Controversy Follows Garth Brooks after Bud Light Bar Comments


Garth Brooks has some friends in very low places…namely Bud Light, as he ditched the standard set by John Rich and others, such as Travis Tritt, and has decided that he will sell Bud Light at his Nashville bar.

Speaking on that, Brooks said that the bar would sell “every brand of beer” to customers, and that people who don’t want to buy Bud Light should go to the “other places on Broadway” because he thinks that anyone who does that is “an a**hole.” As he put it:

I want it to be a place you feel safe in. I want it to be a place where you feel like there are manners and people like one another. And, yes, we’re going to serve every brand of beer. We just are. It’s not our decision to make. Our thing is this: If you [are let] into this house, love one another. If you’re an a–hole, there are plenty of other places on lower Broadway.

Predictably, people keeping up with Brooks on Twitter were furious about that comment and tore into him for it. One, for example, encouraged people to boycott Brooks’ bar because of what he thinks of them for not wanting to drink Bud Light, saying, “If you live in Tennessee, I recommend you never go to @garthbrooks new bar. They’re going to sell Bud Light and app arently he thinks we’re ‘a—holes’ if we don’t like it. Make sure all your friends know that.

Others said that they would not just be boycotting Brooks’ bar but his music as well. One of those Twitter posters, for example, said, “My trash bin is full…I threw out everything that had Garth Brooks name on it.” Another said, “@garthbrooks I was a huge fan of yours back in the early nineties, before you fell into the trap of being a star, before you left your high school sweetheart, remember her? It was always about your fans. Now, we’re, “a******s” for boycotting Budweiser? Welcome to the boycott.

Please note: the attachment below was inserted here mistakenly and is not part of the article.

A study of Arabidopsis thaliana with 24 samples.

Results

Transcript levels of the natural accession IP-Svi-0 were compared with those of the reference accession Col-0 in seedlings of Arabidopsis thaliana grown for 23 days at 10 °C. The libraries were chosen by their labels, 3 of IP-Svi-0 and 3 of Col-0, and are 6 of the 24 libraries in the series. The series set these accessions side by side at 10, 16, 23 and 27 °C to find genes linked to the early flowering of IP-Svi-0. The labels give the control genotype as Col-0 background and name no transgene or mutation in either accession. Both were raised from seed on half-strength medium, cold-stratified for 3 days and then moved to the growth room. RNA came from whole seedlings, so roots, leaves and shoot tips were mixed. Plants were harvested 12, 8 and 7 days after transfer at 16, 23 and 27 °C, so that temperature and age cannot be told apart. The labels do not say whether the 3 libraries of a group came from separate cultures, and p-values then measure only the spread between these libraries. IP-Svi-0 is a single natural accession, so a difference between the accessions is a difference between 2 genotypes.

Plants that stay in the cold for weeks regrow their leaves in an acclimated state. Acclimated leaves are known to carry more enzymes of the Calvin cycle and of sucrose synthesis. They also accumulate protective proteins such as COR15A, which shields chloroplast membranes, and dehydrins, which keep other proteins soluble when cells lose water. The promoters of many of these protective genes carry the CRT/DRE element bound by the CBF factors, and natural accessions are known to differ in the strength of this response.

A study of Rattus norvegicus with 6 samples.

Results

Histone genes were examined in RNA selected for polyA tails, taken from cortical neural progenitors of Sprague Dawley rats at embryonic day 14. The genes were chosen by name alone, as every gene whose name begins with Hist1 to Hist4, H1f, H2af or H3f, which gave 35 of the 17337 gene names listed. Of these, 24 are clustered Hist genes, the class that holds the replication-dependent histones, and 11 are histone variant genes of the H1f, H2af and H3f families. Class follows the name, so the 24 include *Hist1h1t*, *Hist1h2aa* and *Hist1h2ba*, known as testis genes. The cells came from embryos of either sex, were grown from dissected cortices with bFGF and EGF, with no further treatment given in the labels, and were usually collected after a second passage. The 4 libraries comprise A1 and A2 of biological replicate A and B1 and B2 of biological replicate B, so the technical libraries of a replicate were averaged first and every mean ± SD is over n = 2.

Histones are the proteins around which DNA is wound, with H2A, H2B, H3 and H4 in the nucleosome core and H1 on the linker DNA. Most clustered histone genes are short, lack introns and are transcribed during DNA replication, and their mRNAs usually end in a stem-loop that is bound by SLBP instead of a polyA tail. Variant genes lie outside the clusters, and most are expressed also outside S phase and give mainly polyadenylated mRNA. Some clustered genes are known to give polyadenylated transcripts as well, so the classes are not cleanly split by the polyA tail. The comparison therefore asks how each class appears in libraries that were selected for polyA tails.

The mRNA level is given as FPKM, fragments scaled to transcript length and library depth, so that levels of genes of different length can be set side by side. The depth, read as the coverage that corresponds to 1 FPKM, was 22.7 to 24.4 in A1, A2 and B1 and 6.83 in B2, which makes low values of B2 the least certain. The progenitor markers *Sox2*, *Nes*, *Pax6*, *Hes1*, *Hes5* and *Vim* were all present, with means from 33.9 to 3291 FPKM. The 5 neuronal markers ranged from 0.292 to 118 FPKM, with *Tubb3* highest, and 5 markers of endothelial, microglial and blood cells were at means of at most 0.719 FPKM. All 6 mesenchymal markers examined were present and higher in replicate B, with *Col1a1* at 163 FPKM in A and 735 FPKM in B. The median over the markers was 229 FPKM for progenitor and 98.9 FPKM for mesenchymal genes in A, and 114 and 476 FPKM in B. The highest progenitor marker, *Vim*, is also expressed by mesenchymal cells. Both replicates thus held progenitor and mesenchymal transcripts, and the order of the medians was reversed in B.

Brooks recently tried, without much effect, to defend his decision to sell Bud Light was related to his love of “diversity” and inclusivity. Who exactly that statement was meant to convince is unclear, as the diversity, equity, and inclusion crowd is still generally on board with Bud Light and so not mad with him for selling it. In any case, he said

“I get it. Everybody’s got their opinions. But inclusiveness is always going to be me. I think diversity is the answer to the problems that are here and the answer to the problems that are coming. So I love diversity. All included, so all are welcome. I understand that might not be other people’s opinions, but that’s okay. They have their opinions, they have their beliefs, I have mine.”

In case you don’t remember, here’s the video Dylan Mulvaney posted on April 1 as a Bud Light ad, the short clip meant for the March Madness playoffs that sparked a massive new fight in the culture war and lots of financial pain for Bud Light.